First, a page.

Whenever I meet someone new and they discover I have seven children, often there is a gasp and “How in the world do you do that?” And then when they further discover, if time permits, that one of my children has a life-threatening illness, the question comes: “How do you cope with that?”
I suppose I should first make the disclaimer that this was, and is, a growing process for me. (Oh, and the photo above was on a very busy day serving at church. ) I didn’t have seven children all at once (Whew! Go septuplet Moms!) My oldest daughter, now 21, became mine through marriage and was 8 years old when I became her stepmom. And though Taylor, my special needs daughter, was my first child by birth, we didn’t receive her terminal diagnosis until age 4. While the average life span for MPS, her disease, is 10-15 years, I’m very blessed to tell you that while she has many problems, they could be much worse. We are privileged to be celebrating her sweet sixteenth birthday in a few weeks, as God would have it. He is so gracious. My “younger” children are ages 10, 8, 7, 3, and 16 months. Needless to say, we have a hoppin’ house.
When others ask me “How do I do it?” several topics come to mind. Essentially, I believe this question is generalizing a load of questions.
Today I’m sharing a quick three answers, both practical and spiritual, to caring for large families and meeting individual needs. Please believe me when I say that I have not arrived, by any means. But after 16 years of rearing children and caring for a special needs child, and 12 years of being a stepparent, here are just three highlights that I believe will help you tremendously as a Christian mom.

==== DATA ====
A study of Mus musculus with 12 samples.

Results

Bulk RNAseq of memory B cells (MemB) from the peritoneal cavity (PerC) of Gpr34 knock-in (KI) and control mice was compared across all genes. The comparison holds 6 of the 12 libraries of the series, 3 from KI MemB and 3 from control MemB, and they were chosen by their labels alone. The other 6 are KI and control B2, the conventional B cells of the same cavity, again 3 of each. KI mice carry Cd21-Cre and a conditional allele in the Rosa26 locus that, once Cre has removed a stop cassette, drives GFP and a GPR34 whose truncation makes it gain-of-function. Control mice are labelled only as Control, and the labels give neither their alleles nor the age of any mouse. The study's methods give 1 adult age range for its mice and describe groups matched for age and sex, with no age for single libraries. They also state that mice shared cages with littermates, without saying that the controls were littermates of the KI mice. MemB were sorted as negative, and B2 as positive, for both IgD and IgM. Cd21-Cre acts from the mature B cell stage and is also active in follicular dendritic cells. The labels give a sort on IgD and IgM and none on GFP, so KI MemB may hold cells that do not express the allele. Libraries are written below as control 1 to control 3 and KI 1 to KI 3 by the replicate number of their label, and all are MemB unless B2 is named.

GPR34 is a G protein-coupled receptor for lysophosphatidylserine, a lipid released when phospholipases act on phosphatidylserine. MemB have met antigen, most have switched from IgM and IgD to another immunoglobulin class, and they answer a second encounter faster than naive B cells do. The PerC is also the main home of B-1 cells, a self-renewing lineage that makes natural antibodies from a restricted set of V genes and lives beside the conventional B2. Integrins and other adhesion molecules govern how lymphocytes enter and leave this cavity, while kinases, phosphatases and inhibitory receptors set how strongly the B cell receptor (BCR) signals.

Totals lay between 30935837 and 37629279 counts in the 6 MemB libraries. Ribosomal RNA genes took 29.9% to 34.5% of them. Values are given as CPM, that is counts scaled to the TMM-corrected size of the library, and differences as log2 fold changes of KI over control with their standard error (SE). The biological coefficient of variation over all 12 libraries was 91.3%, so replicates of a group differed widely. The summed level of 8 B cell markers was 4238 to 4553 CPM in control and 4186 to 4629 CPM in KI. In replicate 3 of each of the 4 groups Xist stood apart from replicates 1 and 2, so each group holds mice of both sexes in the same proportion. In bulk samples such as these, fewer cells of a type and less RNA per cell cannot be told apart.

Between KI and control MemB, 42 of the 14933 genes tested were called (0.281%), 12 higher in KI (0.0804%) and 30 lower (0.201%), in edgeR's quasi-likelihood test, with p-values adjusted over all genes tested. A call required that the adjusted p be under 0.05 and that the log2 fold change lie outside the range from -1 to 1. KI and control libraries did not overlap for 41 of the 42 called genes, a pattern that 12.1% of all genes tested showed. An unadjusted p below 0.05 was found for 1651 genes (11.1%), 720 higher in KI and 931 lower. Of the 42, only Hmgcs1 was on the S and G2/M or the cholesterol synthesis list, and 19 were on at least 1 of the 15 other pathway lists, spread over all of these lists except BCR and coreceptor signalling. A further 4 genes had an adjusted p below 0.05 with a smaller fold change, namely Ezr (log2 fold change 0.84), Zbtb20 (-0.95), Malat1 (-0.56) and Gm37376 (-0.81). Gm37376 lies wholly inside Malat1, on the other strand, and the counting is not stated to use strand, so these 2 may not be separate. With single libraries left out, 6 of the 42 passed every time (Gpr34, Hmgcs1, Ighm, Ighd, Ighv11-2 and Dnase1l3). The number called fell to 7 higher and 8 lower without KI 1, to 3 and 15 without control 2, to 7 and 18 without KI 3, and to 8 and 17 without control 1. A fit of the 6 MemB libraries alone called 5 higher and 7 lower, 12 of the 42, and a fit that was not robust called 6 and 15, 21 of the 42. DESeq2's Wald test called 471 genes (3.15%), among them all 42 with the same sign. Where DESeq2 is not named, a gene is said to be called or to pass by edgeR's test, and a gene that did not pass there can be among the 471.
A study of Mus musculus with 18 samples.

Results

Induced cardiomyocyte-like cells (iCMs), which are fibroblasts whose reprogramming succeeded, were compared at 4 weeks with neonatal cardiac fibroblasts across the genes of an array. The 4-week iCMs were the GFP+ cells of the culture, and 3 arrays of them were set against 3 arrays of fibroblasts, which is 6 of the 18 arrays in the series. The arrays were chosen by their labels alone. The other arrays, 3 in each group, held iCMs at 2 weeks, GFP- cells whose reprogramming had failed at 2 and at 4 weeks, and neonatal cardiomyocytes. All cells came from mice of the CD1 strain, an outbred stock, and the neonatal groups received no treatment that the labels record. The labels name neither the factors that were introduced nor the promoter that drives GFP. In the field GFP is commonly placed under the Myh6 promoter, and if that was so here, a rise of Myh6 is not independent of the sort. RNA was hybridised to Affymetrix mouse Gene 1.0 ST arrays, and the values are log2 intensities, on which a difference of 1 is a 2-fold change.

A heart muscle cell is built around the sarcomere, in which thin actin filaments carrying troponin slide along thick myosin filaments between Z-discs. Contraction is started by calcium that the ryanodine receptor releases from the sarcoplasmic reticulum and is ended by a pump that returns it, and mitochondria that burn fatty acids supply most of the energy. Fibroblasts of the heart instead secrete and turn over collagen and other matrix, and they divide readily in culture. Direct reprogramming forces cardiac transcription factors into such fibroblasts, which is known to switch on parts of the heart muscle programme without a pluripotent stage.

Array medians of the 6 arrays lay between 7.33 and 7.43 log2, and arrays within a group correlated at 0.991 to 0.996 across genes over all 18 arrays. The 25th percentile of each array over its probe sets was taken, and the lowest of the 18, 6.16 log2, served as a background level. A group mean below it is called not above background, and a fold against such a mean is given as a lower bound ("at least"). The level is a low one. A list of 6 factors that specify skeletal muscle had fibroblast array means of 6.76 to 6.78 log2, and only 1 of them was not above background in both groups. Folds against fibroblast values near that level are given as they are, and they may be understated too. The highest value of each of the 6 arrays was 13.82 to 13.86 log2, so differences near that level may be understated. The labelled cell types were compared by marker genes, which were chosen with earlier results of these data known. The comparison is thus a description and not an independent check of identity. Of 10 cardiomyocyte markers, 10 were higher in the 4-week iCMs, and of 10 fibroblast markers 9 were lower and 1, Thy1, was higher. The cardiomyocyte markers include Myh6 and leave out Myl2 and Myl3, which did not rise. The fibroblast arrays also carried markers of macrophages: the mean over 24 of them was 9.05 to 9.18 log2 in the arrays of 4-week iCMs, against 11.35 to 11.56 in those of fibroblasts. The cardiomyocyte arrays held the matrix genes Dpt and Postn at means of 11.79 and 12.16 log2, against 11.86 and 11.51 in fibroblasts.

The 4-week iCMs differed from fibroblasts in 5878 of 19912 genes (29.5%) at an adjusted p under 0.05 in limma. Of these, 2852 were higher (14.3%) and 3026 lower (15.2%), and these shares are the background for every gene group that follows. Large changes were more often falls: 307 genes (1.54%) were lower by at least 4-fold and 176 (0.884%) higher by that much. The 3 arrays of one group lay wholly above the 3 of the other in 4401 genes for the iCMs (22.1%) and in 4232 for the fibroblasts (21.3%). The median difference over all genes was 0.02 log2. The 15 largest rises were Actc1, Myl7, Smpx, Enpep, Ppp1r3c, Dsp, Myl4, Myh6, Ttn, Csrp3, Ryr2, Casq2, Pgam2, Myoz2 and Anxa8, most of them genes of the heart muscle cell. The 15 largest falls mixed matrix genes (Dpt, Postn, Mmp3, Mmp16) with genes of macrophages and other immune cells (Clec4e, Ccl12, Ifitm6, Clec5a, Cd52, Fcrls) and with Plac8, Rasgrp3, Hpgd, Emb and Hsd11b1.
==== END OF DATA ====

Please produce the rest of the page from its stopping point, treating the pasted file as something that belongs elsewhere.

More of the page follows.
1. Rely on God’s Word to feed you daily.
I cannot emphasize this point enough. God took me to the point of being on my own completely with my sweet special needs girlie and I learned to rely solely on Him. Not a church, not my parents’ faith, not what someone told me to do. My faith and trust for eternal life was in Him from the time I accepted Christ as my Savior when I was six years of age. But trusting God to meet all of your needs- physical, spiritual, emotional, etc. has to occur on a DAILY basis. Without time in the living Word, I find myself unwilling and too weak to be the mom He has called me to be.
2. Accept help.
This was tough for me! I love being able to do everything myself. I want to be the need-meeter. My tendency is to want that “S” on my shirt to stand for Supermom. No missing library books, no toilets left behind, no dirty couches (that’s the big thing that needs attention right now. ;0) ) The truth is: I can’t do it all. So I have to decide what is important enough for me to do and what can be passed on to others.
3. Focus on the positive.
My husband will vouch for this fact: One negative thought can send my mind into a swirl of negativity. When I allow Satan to get a foothold in my thought life, even with one “little” thought, then my husband and family are affected, not to mention making myself miserable. When facing heavy obstacles of life, weigh the circumstances and then purposely decide to look at the positive points of the situation. Once you see the positive, remain focused on it.
I would love to hear from our readers today!
What is one method you’ve found as a mom to persevere through either handling large family logistics or meeting individual needs?